First, there is a general increase in use of Facebook and a general
decline in use of MySpace across the board. In 2007, 79% of the study
participants were using Facebook while in 2009, 87% of the sample
reports doing so. In contrast, while in 2007, 55% of the group reported
using MySpace, in 2009, only 36% do so.
we continue to see ethnic and racial differences as well as different
usage by parental education (a proxy for socioeconomic status).
Students of Hispanic origin are more likely to use MySpace than others
and less likely to use Facebook than others. Asian American students
are the least likely to be on MySpace. Regarding parental education,
the relatively small number (7%) of students in the sample whose
parents have less than a high school education are much more likely to
be on MySpace and much less likely to be on Facebook than others.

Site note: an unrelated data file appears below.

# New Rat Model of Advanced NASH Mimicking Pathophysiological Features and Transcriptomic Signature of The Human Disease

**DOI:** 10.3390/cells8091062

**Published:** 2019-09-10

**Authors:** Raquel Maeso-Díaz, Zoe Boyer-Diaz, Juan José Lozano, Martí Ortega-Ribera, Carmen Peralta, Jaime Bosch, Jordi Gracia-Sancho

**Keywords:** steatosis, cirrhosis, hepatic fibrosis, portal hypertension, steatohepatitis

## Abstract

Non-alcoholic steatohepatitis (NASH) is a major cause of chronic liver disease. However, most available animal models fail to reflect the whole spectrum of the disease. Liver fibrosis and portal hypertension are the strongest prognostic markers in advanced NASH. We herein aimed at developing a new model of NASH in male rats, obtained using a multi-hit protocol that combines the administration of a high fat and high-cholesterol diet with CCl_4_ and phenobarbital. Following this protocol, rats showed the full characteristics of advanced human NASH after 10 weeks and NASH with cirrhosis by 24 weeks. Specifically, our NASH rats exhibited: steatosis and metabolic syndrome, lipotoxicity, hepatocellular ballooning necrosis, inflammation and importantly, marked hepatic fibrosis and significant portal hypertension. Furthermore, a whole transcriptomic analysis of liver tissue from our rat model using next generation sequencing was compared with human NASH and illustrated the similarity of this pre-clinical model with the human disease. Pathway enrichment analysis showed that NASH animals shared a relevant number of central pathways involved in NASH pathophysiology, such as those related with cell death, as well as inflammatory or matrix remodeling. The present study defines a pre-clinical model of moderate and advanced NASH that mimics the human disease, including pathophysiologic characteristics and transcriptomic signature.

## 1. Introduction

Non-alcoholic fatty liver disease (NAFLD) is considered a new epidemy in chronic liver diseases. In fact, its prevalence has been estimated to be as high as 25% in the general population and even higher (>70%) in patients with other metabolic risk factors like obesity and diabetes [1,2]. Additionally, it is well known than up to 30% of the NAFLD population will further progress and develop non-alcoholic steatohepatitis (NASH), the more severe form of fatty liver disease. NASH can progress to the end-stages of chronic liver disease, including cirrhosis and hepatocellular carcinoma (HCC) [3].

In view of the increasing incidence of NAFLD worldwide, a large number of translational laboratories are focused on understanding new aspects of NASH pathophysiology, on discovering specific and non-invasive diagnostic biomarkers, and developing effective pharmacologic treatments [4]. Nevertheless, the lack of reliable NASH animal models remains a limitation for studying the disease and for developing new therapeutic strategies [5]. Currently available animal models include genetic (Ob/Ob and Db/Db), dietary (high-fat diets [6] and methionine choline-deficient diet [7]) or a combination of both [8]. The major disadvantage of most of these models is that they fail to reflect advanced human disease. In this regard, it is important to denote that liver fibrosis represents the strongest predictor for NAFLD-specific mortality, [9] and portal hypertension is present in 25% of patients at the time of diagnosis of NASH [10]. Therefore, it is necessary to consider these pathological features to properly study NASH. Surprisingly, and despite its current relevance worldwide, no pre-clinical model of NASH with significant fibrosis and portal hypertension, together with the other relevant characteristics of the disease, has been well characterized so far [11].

Students from families where at least one parent has a college degree
are much less likely to be MySpace users than others. —
Yet, a recent study by a company called iStrategyLabs (I’ve never heard of them) presents stats that argue high school and college participation in Facebook is down, and posts that perhaps younger people are turned off by the number of older adults joining the service. Here’s (part of) a chart from their site…
55+ is on the rise, but if that group is tiny to begin with, so that huge increase doesn’t really mean a whole not at this point — just that the oldsters are catching up to those who identify themselves as high school and college students are dropping.
I like the fact that this chart gives both the percentage increase and the numbers — that huge increase in “unknown” means very little, since “unkown” is a tiny category.
I wonder also that maybe new HS and college students have no particular reason to join Facebook from January through July… certainly many college students will have switched their ID from “College” to “Alumni” following their spring graduation. I’d be interested in seeing whether the back-to-school vibe in the fall gets more incoming freshmen to sign up under their new school affiliations.